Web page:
India remains a bright spot, the International Monetary Fund said in a recent report, adding it will account for half of global growth this year together with China. We found a lot of anecdotal evidence of that optimism. A rapid digitalisation of the economy is taking hold, with consumers in remote towns now able to pay street vendors with 5G enabled phones. Physical infrastructure is also getting a fillip, with the road network expanding at a rapid pace. Such improvements underpin strong demand for goods and services. While we find opportunities across many sectors, we particularly favour domestically focused businesses in sectors such as healthcare staples, consumer discretionary and industrials, which are poised to benefit from the current environment.
The biggest surprise in the budget for financial markets was the change in taxation of life insurance savings policies. Favourable tax treatment of these policies had made them increasingly attractive to affluent customers. However, we believe that insurers will be able to mitigate the roughly 10-12% impact on revenue growth via changes to the product mix. Our view is that the market has overreacted to the tax hikes, particularly with regard to SBI Life (our largest insurance holding).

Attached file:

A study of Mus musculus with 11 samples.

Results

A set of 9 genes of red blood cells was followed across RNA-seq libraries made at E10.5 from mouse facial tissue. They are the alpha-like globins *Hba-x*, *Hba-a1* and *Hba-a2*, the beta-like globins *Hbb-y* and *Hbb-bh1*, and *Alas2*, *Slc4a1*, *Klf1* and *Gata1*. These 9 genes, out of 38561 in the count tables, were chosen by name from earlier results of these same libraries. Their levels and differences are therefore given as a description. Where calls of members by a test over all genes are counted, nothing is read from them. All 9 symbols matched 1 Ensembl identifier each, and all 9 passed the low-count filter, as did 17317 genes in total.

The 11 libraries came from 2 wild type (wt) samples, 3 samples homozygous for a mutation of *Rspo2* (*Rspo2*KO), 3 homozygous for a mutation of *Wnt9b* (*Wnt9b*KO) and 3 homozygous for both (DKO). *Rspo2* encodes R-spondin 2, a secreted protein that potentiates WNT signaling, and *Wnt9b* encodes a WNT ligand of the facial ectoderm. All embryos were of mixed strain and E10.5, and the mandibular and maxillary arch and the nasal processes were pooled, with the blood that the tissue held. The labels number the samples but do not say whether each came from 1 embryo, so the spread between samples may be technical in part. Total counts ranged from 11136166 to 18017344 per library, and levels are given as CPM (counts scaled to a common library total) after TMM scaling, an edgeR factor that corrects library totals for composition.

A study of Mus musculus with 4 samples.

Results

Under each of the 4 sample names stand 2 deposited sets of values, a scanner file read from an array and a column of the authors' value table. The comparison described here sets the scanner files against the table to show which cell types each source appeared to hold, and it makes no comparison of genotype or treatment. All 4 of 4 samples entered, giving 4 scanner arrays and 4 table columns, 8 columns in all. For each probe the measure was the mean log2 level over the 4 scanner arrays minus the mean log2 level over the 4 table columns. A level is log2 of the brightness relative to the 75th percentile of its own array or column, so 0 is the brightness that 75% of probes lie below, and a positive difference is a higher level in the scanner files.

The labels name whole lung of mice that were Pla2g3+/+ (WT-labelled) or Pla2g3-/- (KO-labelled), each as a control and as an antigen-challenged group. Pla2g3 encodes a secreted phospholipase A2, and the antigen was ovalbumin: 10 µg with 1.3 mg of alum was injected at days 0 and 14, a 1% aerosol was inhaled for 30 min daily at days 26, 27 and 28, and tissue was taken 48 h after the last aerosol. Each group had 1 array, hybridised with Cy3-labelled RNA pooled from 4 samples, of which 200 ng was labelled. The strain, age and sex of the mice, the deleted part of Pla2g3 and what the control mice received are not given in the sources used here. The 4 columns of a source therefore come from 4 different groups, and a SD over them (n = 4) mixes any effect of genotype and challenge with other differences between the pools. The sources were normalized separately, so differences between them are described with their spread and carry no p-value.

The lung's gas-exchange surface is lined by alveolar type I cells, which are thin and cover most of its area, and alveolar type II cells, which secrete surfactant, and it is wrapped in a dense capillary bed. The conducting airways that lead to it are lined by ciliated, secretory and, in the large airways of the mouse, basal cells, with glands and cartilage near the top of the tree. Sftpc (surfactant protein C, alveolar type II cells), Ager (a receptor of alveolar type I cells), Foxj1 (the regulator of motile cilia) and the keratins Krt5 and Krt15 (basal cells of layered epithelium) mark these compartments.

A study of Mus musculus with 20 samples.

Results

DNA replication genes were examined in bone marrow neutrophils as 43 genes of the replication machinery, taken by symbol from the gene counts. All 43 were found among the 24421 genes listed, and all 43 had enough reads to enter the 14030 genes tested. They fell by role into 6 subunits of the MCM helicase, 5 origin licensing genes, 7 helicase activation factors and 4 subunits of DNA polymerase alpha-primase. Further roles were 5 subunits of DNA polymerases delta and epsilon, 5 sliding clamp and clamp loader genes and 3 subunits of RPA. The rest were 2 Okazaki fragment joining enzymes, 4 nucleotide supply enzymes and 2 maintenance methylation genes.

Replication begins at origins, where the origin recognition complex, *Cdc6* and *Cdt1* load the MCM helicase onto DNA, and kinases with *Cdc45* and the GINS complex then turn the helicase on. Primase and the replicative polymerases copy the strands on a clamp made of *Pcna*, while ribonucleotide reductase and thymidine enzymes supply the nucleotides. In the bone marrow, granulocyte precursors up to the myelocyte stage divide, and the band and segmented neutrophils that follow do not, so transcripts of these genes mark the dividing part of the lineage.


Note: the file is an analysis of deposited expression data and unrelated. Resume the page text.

Consequently, the earnings dynamic seems likely to be better further up the value chain, or in cement companies that have a company-specific cost optimisation story, such as Ambuja Cement (held in the strategy).
While banks in the Western world are facing stress due a rapid tightening of monetary policy, interest rates in India, initially high relative to developed nations, have inched up slightly. Of course, India is not an island and global problems will have repercussions on India too, but we need to wait and watch how the situation unfolds.
Market participants have been keenly awaiting the start of a new capex cycle in the private sector, and we are seeing some early signs of this in accelerating loan growth to companies; ICICI bank, for example, reported corporate loan growth at 18% y-o-y with SME loans growing even faster at 25%. Balance sheets are strong, with corporate debt as percentage of GDP at a 15-year low of around 50%, significantly below the level seen in most other large economies. Households are likewise underleveraged, and loans are growing double digits, undeterred by interest rate hikes that have simply brought rates back to where they were pre-Covid.
Banks in India are significantly more conservative and risk-averse than their developed market peers. With no shortage of deposits, they focus on the basics of banking: traditional, vanilla lending and credit analysis, with exposure to the riskier end of finance avoided entirely.
* Holding examples are for illustrative purposes only and are not a recommendation to buy or sell.